My addiction (“Sex and the City” reruns) forces me to endure an inordinate number of mind-numbing advertisements for gum, shampoo, toothpaste, lipstick, cars, trucks (and more trucks) with a lead thumb on mute. An ad for Tide Coldwater started me out of the silence.
Tide Coldwater “Deep Clean. Save Green.”
Taking advantage of rising energy prices, Proctor & Gamble, masters of fast-moving consumer goods marketing, has launched a product/campaign touting the energy and money saving benefits of laundry detergent. P&G’s Tide Coldwater (“lowers energy costs, deep cleans in cold water, gives fabric extra protection”) is similar to GM’s ethanol-based flex-fuel vehicles: you don’t have to buy a GM car to use ethanol (several car makes and models are already ethanol-ready, and ethanol gasoline makes up 2% of all fuel sold in the US) – not any more than you have to use Tide Coldwater to wash clothes in cold water. But, like GM, P&G is avidly pursuing an energy angle in product promotion, although using very different messaging.
The Tide Coldwater ad – dollar bills swirling (like money down a drain) around a shocked woman holding an (unopened) bill from “Energy Company” (in red letters) – is pure mirth. First, because P&G leverages the image of the generic utility with abandon (it’s all about the utility bill, a whopper of a surprise). The messenger and the solution have better brand image with the consumer, and P&G is soaking it. Second, because Tide Coldwater advocates washing in cold water to save energy, something “big bad utilities” that profit from energy sales aren’t going to spend money to advertise on tv any time soon (here’s an ad for laundry detergent challenging the profit model of investor-owned utilities; sure, the utility may send you some print material about saving energy during peak periods along with that whopper bill, but, taking a lead from Tide Coldwater, you’re too shocked to read it.)
And last, the campaign is amusing, because the Tide Coldwater website provides energy efficiency tips: “More great ways to save…Are you energy conscious? You could earn tax credits up to $500 for being good at saving energy.” Addressing both consumers and businesses, the Tide Coldwater site links to the Alliance to Save Energy’s “Home Energy-Efficiency Improvement Tax Credit” and the Tax Incentives Assistance Project (“a coalition of organizations in the energy efficiency field, designed to give consumers and businesses information they need to make use of the federal income tax incentives for energy efficient products and technologies passed by Congress as part of the Energy Policy Act of 2005.”) Tax subsidies are another similarity to ethanol which now receives a federal tax subsidy of about 52 cents per gallon.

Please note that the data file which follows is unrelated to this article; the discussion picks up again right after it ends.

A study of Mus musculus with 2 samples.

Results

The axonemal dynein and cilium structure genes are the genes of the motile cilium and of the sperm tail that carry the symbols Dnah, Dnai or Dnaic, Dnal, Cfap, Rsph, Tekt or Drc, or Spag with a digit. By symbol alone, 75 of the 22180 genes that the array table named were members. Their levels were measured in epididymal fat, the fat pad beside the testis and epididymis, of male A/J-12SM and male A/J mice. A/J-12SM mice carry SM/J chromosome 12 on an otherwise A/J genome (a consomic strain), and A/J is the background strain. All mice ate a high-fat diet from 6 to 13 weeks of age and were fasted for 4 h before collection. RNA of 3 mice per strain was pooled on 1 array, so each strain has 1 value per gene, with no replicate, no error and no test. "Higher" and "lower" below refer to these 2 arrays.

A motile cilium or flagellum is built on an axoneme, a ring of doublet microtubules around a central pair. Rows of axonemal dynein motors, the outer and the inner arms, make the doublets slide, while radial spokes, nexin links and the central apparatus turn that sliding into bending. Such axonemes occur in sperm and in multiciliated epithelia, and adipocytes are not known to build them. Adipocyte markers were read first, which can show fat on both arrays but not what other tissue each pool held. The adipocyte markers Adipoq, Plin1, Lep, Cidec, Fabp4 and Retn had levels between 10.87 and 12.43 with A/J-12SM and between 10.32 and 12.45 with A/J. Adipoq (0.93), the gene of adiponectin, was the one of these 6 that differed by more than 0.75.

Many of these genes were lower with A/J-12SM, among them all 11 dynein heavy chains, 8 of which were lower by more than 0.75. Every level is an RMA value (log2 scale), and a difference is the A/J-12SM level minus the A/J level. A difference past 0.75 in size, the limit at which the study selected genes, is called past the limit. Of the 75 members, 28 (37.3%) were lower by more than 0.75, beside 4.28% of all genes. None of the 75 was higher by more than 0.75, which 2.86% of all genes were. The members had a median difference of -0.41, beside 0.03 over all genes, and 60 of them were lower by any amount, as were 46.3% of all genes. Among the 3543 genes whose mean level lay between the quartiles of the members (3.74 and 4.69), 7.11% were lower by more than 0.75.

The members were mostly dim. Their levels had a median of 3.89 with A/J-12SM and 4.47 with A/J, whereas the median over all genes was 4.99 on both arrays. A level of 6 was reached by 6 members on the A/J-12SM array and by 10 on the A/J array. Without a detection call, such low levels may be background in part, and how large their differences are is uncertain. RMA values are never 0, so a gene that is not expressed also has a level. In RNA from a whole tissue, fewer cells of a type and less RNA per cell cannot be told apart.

Did I mention this campaign is about laundry detergent? If P&G can swing a marketing campaign using energy benefits to sell product this mundane, then, in the converse, we can get seriously good at marketing the non-energy benefits, as well as energy and dollar benefits, of cleantech and energy efficiency itself.
NEBs (non-energy benefits) of Energy Efficiency
Lisa Skumatz of Skumatz Economic Research Associates and others like the Department of Energy – in coordination with Lawrence Berkeley National Laboratory and others – have conducted in-depth research on non-energy (non-bill savings) benefits of energy efficiency, measuring and quantifying them as well. Benefits can include reduced waste and emissions, improved maintenance and operations, increased productivity and working conditions, and other benefits like decreased liabilities and better public image. The research draws out the value of energy efficiency to utilities, participants and society; it provides rich ground for marketing and sets the stage to move the energy efficiency discussion away from utility-centric terminology of kWh savings…away from the acronym soups of DSM and DR (demand-side management and demand response)…and toward the broader benefits valued by consumers (health, comfort, safety), businesses (productivity) and society (job creation, cleaner environment).
Perhaps one day, fortified with energy efficient technologies and conserving habits – and lots of great marketing to support them – consumers and businesses will open their utility bills with aplomb. I’ll be keeping my thumb on the mute button, just the same.